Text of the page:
There are only a few of us who are willing to take the risk of venturing out into the city or even out of our homes. It is possible that we are the ones who feel the caprice of indefinite lock-downs and stay-at-home directives. Personally, as a cancer survivor, I would rather take some risk and live my life rather than give up a large portion of the time remaining in my life to fear.
Many of the people that I follow on Instagram are posting older work because they have suspended their lives. They are posting sad, dated retrospectives with hopeful messages about getting back to normal. I prefer to take action rather than wait for others to decide what is right for me and I refuse to suspend my life.
Depression often motivates me and my wife, Marne, will prod me when she feels me descending into Mordor. That is when I hop onto my bicycle and go for a ride. Rides into Boston have been a staple for me and for my street photography. I had a solo show of my Boston images planned for this month until the world stopped turning.
This year I have made two bicycle trips into Boston to date and both times I persisted in bringing my camera. During both of those trips I visited some of my favorite places in Boston. My style includes people in unique situations and my images almost always have a message or a story. My favorite places did not deliver as they have in the past since the density of people was low. High volumes of people guarantee a diversity of subject matter.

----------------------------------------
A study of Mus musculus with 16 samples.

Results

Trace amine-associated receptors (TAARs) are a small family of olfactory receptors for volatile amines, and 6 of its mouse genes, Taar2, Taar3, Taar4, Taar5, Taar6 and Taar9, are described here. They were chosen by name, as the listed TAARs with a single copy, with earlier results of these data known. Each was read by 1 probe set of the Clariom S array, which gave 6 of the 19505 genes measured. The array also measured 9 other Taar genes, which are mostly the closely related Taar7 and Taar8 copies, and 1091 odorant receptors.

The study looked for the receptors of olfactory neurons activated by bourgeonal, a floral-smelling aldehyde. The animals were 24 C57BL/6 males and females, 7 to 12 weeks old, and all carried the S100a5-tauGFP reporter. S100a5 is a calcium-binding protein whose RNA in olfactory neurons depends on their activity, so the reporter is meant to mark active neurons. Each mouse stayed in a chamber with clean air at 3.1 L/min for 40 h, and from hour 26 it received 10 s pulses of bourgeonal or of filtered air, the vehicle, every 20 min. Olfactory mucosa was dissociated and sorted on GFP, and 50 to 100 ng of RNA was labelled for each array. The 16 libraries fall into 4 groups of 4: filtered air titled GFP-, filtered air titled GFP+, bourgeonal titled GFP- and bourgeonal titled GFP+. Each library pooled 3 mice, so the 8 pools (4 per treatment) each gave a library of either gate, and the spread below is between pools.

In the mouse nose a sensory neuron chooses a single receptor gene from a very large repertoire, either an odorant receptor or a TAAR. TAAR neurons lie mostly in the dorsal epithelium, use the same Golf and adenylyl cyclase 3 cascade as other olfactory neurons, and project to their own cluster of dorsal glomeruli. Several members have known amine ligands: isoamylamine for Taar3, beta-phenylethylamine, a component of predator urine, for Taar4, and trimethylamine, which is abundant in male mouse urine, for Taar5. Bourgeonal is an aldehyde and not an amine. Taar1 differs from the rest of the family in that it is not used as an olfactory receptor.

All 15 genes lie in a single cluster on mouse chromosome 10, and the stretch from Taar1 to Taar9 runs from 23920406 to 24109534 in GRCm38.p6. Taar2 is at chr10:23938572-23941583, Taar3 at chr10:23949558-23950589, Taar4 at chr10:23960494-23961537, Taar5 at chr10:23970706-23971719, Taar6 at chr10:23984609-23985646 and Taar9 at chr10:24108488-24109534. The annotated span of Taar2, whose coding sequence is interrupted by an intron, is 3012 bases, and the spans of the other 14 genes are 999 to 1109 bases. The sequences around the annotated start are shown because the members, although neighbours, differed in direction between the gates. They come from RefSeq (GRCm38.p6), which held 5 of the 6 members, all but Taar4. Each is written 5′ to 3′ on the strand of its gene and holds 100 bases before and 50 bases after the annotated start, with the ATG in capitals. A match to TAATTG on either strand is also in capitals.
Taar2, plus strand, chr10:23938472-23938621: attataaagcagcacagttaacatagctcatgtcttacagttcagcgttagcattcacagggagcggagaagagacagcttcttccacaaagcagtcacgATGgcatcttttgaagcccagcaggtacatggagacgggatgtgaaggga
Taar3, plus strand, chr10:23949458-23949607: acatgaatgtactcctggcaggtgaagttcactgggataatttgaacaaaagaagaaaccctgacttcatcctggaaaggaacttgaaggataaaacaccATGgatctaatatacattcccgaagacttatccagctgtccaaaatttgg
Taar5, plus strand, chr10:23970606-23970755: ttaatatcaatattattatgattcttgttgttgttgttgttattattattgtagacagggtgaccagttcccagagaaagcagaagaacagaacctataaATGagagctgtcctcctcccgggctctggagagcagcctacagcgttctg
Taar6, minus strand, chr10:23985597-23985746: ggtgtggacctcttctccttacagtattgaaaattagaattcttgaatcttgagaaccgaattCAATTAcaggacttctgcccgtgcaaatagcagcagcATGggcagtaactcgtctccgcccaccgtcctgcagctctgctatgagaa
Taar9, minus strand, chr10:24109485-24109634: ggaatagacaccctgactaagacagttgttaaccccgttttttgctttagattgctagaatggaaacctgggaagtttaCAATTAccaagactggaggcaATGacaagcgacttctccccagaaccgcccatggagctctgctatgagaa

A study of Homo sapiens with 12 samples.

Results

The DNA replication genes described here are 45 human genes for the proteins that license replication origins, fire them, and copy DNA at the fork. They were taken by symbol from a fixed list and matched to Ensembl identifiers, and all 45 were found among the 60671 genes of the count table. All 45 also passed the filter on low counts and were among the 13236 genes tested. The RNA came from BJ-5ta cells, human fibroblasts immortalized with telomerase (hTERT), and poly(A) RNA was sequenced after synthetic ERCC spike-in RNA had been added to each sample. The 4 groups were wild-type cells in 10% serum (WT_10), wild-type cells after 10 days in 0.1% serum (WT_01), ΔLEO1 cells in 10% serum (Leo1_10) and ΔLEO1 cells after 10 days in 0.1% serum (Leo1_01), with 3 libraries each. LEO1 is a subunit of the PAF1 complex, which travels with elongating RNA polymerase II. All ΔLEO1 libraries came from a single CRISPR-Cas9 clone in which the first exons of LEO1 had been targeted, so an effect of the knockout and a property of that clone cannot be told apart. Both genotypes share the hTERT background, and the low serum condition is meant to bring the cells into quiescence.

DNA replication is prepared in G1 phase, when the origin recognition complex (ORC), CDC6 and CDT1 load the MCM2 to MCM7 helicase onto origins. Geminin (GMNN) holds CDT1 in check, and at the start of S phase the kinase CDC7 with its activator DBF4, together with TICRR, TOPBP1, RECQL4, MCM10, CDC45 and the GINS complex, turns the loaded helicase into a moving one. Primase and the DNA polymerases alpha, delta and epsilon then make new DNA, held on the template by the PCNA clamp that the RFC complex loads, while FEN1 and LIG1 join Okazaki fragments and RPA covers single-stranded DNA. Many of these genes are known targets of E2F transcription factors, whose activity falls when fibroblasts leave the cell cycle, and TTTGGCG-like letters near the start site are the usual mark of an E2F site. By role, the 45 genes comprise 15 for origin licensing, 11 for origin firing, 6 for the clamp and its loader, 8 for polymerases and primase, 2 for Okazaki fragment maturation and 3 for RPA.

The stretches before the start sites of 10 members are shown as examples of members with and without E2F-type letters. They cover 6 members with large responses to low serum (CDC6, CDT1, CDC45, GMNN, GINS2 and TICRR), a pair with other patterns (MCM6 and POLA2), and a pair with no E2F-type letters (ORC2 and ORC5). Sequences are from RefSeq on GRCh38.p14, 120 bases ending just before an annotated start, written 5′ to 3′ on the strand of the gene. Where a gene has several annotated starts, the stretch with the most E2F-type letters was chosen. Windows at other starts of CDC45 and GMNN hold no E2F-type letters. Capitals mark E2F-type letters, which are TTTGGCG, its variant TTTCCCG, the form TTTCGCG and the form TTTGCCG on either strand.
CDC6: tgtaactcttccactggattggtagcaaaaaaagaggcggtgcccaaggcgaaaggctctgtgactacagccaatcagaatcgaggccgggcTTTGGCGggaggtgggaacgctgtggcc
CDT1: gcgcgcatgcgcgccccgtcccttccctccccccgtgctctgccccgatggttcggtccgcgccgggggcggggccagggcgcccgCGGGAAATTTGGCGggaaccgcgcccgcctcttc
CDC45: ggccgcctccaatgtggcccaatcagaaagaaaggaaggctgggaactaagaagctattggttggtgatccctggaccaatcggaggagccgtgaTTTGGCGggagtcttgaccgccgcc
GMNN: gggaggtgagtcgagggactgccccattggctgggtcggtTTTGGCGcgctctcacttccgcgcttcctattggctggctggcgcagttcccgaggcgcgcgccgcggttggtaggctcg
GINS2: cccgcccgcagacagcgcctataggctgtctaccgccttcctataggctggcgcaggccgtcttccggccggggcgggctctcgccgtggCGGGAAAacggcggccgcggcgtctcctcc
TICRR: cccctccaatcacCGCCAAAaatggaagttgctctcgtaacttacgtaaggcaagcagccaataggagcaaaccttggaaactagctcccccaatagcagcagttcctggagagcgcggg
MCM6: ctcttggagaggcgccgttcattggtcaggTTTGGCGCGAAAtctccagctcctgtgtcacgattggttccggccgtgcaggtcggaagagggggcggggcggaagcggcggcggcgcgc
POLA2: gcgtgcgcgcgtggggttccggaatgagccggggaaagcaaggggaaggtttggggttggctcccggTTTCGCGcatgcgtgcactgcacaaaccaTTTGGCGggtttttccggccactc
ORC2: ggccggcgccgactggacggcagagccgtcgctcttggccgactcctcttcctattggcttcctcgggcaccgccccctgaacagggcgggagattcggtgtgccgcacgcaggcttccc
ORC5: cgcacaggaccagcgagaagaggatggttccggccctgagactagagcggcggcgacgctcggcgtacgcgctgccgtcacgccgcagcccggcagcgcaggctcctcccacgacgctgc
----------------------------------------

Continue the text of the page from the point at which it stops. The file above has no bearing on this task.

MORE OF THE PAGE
During both of those trips I found that I could do a documentary on homelessness during the pandemic. It seemed that the only occupants of the park benches in Boston Common were homeless and there were many congregated near the Park Street Church. More than half of the pedestrians in the canyons of the Boston city streets were also homeless.
Still, there were bright spots, such as the Esplanade where there was the usual traffic of runners, walkers, and cyclists. There was thin attendance at the Boston Public Garden. It is difficult to imagine people avoiding the place once the weather turns warm since it is already flourishing with the addictive colors of the trees and flowers. Even with the parking areas cordoned off, a few people from Southie cannot resist the lure of the ocean at Pleasure Bay and Castle Island. In the North End, Christopher Columbus Park entertains a number of people who have no trouble maintaining their distance.
There are plenty of trite reminders of our current predicament. The statue of former mayor Kevin White across from city hall has a face mask. The duck and ducklings of the famous Make Way for Ducklings sculpture in the Public Garden are wearing face masks. It would not be so bad if there were crowds of real people wearing face masks walking among them.
In the North End at Christopher Columbus Park near the harbor I found a hopeful sign of life. A man and his eight year old grandson were flying a kite. The boy was retrieving the kite hand over hand while the old man wound the line on a card. We talked a bit and I learned that this was not the first time they had flown a kite at this location. The old man and I both had our faces covered and the boy looked at me curiously, probably trying to discern an approving smile. That is my best image from the past two outings.
I will take every opportunity that I can to return to Boston during the coming months to witness the transition into summer. My hope is that the people, the beer gardens, the pushcarts, and the food trucks come back soon. None of us can continue to live this way.